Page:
An Innovative Banned Book Fair Breaks Down Censorship Barriers

One pioneering college student is paving the way for access to books for her community. Read on to learn more about her groundbreaking initiative.

Book Bans Book Culture Book News
Books stacked on a table at a book fair. The bottom pages of the books are facing the photo. In the background is colorful blurry room.

All around the United States, public school and library books face backlash, threats of removal, and bans from parents, guardians, school officials, and politicians due to perceived inappropriate content. These books, which often illustrate diverse experiences, are attacked on all sides with the recent disbarment of school districts’ diversity, equity, and inclusion programs.

Book banning raises many questions about censorship, freedom of speech, and the right to knowledge. As much as important literature faces threats, there is just as much pushback from those who oppose book bans. Laws and policies protecting inclusivity, diversity, and students’ accessibility to knowledge are making headway in some states. In others, individuals are doing what they can to protect books in their community.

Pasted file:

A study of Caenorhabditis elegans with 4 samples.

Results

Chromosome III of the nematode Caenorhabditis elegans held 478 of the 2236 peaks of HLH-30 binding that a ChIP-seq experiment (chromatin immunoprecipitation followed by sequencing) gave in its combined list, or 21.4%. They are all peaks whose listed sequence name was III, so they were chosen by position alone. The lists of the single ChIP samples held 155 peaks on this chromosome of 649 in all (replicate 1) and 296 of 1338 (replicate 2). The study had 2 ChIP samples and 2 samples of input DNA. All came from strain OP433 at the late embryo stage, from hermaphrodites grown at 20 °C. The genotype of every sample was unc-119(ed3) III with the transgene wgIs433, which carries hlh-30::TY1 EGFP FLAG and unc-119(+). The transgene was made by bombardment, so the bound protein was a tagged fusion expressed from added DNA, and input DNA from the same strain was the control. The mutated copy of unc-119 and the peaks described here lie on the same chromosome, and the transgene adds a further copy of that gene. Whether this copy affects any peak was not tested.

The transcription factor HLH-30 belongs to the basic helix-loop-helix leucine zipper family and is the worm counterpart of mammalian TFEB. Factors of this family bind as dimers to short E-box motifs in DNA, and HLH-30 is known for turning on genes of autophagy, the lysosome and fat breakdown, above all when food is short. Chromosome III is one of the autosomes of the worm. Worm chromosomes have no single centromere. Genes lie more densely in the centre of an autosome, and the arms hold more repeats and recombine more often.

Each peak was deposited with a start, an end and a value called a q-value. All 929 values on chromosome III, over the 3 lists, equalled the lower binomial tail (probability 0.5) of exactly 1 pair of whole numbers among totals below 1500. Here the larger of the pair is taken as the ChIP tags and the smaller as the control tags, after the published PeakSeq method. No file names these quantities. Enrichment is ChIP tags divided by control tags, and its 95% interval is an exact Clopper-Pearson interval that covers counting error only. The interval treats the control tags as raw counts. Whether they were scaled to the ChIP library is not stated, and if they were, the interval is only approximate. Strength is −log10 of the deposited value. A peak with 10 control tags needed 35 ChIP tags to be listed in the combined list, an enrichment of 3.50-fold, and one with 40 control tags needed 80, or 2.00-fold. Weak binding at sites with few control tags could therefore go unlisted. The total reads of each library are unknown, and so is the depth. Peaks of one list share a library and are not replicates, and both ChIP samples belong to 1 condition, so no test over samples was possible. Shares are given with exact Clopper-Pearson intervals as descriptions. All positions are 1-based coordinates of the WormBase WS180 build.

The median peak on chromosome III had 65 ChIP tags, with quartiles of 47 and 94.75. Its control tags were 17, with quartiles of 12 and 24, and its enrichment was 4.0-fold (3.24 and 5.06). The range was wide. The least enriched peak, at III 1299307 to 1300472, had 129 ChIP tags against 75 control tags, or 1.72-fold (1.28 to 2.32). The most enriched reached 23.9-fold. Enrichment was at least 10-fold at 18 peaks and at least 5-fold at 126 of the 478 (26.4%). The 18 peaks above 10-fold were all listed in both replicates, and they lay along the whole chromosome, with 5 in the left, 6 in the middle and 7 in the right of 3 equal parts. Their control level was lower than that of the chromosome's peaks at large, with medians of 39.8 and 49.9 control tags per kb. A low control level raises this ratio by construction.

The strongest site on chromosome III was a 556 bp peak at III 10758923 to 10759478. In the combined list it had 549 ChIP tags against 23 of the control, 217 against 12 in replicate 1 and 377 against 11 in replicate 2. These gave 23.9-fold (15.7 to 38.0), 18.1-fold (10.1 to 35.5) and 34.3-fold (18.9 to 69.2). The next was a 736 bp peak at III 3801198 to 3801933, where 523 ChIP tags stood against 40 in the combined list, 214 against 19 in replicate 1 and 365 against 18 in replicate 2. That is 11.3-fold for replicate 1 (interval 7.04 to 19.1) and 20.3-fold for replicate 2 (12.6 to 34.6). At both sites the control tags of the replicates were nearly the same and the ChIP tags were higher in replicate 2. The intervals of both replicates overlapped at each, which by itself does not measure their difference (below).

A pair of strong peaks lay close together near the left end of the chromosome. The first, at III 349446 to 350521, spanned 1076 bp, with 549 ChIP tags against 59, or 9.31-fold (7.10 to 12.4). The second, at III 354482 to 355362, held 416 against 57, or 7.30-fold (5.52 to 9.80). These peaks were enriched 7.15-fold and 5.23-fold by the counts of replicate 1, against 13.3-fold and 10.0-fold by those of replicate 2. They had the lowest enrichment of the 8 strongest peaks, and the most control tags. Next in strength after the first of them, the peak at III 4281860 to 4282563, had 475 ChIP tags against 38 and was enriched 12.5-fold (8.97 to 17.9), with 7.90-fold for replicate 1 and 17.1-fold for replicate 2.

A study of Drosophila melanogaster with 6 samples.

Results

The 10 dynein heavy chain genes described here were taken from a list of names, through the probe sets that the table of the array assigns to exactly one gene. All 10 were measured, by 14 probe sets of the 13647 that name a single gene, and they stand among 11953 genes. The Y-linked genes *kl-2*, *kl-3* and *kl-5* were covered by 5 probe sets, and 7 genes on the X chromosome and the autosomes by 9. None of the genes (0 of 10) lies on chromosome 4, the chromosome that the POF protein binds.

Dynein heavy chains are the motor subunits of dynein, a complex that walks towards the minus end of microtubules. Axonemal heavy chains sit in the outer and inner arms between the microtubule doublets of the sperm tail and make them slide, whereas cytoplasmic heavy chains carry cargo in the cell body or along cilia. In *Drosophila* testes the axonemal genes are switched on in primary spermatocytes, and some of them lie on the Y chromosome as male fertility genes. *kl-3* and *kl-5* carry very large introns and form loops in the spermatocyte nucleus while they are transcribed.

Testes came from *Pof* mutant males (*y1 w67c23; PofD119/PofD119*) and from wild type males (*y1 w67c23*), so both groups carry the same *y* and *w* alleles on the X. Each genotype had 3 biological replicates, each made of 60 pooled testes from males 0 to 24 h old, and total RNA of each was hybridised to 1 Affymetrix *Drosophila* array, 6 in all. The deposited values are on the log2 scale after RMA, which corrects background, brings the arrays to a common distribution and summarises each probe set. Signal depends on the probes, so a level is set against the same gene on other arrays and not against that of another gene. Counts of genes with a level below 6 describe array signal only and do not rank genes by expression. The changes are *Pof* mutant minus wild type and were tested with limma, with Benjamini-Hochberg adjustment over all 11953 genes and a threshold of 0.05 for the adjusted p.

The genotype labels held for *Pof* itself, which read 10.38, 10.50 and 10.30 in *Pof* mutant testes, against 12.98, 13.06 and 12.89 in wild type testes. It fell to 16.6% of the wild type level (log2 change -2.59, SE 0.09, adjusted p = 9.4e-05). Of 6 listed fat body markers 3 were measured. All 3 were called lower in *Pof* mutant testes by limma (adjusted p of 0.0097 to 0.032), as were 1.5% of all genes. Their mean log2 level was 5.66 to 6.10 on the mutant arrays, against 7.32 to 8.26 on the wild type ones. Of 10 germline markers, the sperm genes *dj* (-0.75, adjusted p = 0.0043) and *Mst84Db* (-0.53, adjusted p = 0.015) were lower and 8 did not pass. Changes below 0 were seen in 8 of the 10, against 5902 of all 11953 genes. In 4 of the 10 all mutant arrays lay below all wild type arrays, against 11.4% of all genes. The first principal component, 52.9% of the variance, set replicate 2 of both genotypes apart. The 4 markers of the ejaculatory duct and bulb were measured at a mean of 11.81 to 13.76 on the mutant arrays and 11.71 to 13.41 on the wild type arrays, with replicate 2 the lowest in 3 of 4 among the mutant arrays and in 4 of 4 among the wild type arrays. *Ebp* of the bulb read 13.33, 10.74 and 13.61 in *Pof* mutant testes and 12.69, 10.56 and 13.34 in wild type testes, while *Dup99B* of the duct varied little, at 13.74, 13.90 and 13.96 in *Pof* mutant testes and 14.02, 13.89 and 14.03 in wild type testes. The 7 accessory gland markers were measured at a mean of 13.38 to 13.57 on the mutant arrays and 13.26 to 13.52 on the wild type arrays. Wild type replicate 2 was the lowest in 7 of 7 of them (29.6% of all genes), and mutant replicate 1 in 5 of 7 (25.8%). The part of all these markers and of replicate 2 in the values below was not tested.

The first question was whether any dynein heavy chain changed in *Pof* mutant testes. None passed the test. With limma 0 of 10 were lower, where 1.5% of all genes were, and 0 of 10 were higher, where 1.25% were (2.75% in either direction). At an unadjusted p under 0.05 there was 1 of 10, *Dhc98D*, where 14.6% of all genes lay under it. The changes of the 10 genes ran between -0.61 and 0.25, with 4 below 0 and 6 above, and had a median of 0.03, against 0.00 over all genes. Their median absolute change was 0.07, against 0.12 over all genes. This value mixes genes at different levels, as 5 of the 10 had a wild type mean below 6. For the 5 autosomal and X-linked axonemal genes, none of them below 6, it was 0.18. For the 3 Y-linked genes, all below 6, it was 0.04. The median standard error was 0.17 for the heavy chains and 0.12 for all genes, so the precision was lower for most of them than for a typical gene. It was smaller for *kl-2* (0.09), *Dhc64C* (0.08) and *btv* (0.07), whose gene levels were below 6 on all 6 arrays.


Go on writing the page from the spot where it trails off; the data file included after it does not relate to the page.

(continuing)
Backing the Banned

In Virginia, Bridgewater College student Katelin Carter needed an idea for her senior capstone project. After learning of the book bans that occurred earlier this year in local schools near her college, Carter hosted a book fair exclusively offering the titles removed from Rockingham County schools. Taking inspiration from the Scholastic Book Fairs many of us reminisce about from our childhoods, Booksavers of Virginia and the authors of the banned books donated the titles to begin Carter’s revolutionary set-up.

A paper travel map zoomed up to the state of Virginia. A red push is stuck in the middle of the state.

Restoring Hope

A colorful stack of hardcover picture books takes up half the photo. The white paper ends are facing the front of the photo, which is against a white background.

Protecting access to knowledge is imperative to society’s growth and to fostering understanding among different communities. Although books may be banned in schools, it is more important than ever to increase their accessibility through other avenues, such as the innovative banned book fair Katelin Carter put together!